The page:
Dave Segal
                                A Hawaiian Airlines plane is seen at Daniel K. Inouye International Airport. Hawaiian’s earnings soared 57.2% in the fourth quarter of last year.

Hawaiian Airlines’ earnings soared 57.2% in the fourth quarter despite increased capacity that included additional competition from newcomer Southwest Airlines.

The holding company for the state’s largest and oldest carrier reported today that it had net income of $49.7 million, or $1.07 a share, compared with $31.6 million, or 64 cents a share, in the year-earlier period.

On an adjusted basis, Hawaiian had net income of $45.9 million, or 99 cents a share, to beat analysts’ forecasts of $41.8 million, or 91 cents a share.

Revenue rose 1.5% to $708.1 million.

“We faced elevated competition within the Hawaiian Islands between North America and Hawaii and from Japan,” Hawaiian President and CEO Peter Ingram said on an earnings conference call. “Delivering this financial performance is a testament to the competitive advantages that we have built in each of these geographies.”

Hawaiian’s load factor, or the percentage of seats filled, rose 1.5 percentage points last quarter to 86.1%.

The airline said in the fourth quarter that industry capacity rose 9% in North America and 12% in the neighbor islands, contributing to yield pressure and a year-over-year decline in domestic passenger revenue per available seat mile of roughly 6%.

For the year, Hawaiian’s net income fell 4% to $224 million.

Hawaiian expects its year-over-year capacity to increase between 5.5% and 8.5% in 2020 with the largest increase taking place in the first quarter, where it expects year-over-year capacity to rise between 7.5% and 10.5%.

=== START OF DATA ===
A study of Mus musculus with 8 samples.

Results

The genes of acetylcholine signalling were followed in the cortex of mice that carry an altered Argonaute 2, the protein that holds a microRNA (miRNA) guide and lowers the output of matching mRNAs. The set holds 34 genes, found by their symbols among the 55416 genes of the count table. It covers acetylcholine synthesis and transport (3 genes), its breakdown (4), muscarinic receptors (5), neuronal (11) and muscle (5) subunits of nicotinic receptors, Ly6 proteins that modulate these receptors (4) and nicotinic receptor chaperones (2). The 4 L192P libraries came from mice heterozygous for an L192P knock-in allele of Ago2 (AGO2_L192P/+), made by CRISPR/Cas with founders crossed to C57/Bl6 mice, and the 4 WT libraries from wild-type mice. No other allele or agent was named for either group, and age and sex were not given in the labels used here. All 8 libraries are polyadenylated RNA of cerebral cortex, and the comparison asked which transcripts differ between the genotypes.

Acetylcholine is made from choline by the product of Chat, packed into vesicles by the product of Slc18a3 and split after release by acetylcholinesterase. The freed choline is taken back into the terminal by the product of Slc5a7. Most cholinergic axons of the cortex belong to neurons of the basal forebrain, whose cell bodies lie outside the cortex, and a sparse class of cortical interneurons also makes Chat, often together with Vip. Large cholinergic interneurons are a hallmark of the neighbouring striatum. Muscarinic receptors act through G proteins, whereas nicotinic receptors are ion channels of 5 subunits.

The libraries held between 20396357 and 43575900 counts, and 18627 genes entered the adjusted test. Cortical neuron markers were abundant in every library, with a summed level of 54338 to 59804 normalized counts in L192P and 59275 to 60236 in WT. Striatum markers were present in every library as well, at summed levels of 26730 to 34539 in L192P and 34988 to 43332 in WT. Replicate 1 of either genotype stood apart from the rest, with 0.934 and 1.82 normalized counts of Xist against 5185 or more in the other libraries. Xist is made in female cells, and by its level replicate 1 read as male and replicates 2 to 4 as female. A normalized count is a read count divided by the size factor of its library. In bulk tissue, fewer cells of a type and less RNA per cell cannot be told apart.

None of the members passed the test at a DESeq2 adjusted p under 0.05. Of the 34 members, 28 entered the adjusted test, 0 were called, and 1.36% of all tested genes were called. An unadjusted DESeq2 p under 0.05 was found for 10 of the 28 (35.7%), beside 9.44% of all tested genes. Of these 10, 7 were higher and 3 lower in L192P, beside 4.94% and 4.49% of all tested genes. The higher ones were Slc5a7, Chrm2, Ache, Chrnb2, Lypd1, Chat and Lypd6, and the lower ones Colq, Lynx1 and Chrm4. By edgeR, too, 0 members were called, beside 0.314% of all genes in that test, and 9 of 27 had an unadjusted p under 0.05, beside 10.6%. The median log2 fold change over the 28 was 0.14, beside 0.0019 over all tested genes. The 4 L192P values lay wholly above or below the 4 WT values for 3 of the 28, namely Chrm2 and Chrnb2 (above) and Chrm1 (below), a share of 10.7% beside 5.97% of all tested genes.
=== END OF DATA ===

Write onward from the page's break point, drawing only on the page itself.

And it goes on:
Hawaiian, which previously flew to Beijing, suspended its only China service in October 2018 due to low demand. But Ingram said there still is concern locally about passengers coming in from other Asian nations.

“There is obviously an enormous medical challenge in China and a rapidly growing epidemic in China,” Ingram said. “And from the perspective of the airline industry, that is manifesting itself in significant reductions in near-term demand. I think you have seen in the last 48 hours the response of global airlines serving China to that to rapidly reduce, and in a number of cases, eliminate capacity to China. So clearly, that’s an acute impact in the here and now.

Ingram said Hawaiian’s isn’t participating in those route reductions because “we don’t have a dog in that hunt.”

However, he said in terms of looking at Hawaiian’s network, the next question then becomes what happens from here with the coronavirus in countries outside China, whether it’s in the Asia region or North America or Australasia.

“We’ve got again a lot of uncertainty,” he said. “In any of the countries that we serve, to-date, there are single-digit typically reported cases of the coronavirus … It’s really difficult to extrapolate where it goes from here and whether the severe medical issues that are existing in China end up being exported at scale to other geographies.”